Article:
Milwaukee 7: A Success Or Falling Short In Low-Income Areas?
The regional economic development partnership known as Milwaukee 7, or M7, says it has brought a lot of jobs to the area, or kept them here. But that may not be true in some low-income neighborhoods.
M7 was launched in 2005 as a cooperative economic platform for Kenosha, Milwaukee, Ozaukee, Racine, Walworth, Washington and Waukesha counties. The partnership has just completed its third, five-year job recruitment effort, funded by about $9 million in public money and private donations.
At M7's annual meeting on Wednesday, co-chair Gale Klappa said more than 10,500 jobs have been pledged to the region since 2015, with about a $630 million in annual payroll.
"Bottom line? Every $996 invested in the M7 helped to create one job, with an average wage of $60,584 per year. That average wage folks, is about 20% above the regional average. And remember, that's an ongoing, annual wage," Klappa said.
Klappa says the fast-growing toolmaker Milwaukee Tool has been one of the biggest recent success stories.
The largest single funder for M7 during for the past five years was WEC Energy Group, parent of We Energies, where Klappa has been in charge. He says the company has just agreed to put up another $2 million for the next five years. M7 is also looking for other financial backers.
Terrence Moore, an African American who works with the Hmong Wisconsin Chamber of Commerce, says it'd be nice if M7 now puts more effort into steering corporations toward Hmong and black neighborhoods of Milwaukee.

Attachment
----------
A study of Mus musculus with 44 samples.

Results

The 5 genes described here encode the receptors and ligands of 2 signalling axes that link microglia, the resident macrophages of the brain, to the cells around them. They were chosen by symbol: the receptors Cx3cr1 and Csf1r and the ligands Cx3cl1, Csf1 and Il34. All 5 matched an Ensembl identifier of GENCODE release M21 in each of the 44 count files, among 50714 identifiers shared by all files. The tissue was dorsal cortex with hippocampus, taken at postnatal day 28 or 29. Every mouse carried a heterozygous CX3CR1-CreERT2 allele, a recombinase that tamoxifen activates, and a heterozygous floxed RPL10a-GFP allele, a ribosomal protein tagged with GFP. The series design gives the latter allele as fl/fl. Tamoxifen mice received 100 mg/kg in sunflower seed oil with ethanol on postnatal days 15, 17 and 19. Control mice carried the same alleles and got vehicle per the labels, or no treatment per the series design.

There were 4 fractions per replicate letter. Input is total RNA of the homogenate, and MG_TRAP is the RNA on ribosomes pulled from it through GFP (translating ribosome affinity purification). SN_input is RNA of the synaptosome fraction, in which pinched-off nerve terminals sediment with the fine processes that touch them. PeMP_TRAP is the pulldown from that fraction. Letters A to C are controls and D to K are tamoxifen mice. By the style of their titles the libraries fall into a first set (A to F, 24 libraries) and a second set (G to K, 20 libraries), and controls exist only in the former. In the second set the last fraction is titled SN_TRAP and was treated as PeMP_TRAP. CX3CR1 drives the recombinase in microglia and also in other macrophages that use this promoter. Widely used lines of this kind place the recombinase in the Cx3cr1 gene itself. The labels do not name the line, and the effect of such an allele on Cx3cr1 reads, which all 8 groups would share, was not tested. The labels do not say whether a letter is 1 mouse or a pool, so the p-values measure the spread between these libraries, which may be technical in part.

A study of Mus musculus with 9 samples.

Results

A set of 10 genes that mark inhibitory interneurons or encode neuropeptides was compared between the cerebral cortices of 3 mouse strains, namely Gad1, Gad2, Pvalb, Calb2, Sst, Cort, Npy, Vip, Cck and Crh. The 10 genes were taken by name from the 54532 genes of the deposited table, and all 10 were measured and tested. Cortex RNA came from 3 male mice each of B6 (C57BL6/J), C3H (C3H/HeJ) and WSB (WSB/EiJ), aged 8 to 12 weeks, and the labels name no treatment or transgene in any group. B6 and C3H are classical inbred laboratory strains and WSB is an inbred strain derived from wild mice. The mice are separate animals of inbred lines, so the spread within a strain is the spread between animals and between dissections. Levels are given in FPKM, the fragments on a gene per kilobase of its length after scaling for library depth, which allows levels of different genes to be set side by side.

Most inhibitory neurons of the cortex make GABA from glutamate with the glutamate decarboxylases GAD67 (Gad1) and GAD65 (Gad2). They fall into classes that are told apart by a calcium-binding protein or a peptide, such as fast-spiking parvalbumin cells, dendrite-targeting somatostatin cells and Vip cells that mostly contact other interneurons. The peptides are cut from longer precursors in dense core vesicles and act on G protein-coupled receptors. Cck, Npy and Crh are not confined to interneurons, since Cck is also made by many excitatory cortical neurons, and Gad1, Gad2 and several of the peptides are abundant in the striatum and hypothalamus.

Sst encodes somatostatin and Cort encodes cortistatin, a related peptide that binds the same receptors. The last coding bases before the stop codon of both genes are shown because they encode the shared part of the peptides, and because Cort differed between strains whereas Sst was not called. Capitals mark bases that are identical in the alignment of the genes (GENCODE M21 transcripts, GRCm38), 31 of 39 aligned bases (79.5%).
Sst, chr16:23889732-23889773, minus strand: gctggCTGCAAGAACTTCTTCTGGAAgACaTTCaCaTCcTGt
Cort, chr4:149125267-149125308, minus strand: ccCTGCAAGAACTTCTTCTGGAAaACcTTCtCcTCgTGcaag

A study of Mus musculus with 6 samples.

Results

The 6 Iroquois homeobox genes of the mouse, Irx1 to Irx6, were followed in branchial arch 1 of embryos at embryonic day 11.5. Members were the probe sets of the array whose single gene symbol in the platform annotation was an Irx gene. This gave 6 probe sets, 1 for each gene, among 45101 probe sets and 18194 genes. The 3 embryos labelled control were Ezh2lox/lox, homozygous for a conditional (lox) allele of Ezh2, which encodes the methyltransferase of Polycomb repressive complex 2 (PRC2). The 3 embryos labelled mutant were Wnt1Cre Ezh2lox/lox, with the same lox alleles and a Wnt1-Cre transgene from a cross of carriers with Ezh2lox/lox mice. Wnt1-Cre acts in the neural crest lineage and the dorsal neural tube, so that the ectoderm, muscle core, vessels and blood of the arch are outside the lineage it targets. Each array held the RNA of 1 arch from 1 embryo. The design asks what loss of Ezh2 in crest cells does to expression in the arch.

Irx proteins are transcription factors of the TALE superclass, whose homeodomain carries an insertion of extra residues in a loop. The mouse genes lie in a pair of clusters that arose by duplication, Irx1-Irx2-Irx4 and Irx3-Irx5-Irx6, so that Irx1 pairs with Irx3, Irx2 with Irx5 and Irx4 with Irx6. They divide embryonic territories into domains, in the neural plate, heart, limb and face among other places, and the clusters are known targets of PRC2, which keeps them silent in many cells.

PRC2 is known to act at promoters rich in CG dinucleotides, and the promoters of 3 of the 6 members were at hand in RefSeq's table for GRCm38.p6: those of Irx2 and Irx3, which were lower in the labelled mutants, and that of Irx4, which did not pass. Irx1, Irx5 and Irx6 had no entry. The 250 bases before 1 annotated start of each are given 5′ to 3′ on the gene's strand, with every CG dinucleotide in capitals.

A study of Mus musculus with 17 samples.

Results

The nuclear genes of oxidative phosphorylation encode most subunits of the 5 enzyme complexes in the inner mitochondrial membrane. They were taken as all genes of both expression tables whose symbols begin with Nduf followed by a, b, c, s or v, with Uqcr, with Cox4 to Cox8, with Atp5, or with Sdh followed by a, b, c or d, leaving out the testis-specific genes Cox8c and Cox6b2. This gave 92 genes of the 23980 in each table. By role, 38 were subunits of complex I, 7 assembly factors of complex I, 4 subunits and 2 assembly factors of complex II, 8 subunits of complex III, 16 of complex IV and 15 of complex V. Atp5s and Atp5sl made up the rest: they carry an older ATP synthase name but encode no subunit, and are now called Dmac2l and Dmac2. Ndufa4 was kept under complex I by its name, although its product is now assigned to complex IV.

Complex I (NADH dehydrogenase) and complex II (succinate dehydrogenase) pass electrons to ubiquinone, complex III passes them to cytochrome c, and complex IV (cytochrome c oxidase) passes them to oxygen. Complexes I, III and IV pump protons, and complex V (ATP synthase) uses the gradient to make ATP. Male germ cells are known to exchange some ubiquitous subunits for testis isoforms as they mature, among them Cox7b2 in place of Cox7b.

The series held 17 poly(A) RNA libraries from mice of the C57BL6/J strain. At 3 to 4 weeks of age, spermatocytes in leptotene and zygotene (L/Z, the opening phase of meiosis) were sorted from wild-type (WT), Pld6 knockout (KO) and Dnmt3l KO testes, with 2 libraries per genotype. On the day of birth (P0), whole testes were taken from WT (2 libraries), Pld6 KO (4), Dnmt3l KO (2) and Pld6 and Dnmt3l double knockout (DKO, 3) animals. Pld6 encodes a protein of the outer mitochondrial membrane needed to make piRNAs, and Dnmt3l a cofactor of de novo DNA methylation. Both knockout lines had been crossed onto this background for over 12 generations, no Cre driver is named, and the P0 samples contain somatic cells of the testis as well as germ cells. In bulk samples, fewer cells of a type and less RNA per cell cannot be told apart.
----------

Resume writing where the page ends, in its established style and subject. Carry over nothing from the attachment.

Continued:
"They can suggest. They can offer. They can say, 'Based on these demographics, these are the benefits toward moving into a particular are.' "
Moore continued: “A lot of the suburban companies have a Milwaukee workforce. Why don't you move a smaller part of the operations into the Milwaukee inner city, and at the same time at a livable wage? You don't want to move into the inner city and decrease the wage. That's counter-productive."
Moore praises M7 for a career training program that's underway. But he says more youth could be exposed to it.
M7's Gale Klappa says the regional partnership teamed up with the city of Milwaukee on a study looking at the best companies that could quickly be brought to the north half of the city.
“So, we've been very, very involved in trying to accelerate growth on the north side," Klappa told WUWM.
Klappa says that effort convinced Strauss Brands to open a meat packing facility in the nearly vacant Century City business park along West Capitol Drive. But, for now at least, Strauss has canceled that plan due to public opposition.
Do you have a question about innovation in Wisconsin that you'd like WUWM's Chuck Quirmbach to explore? Submit it below.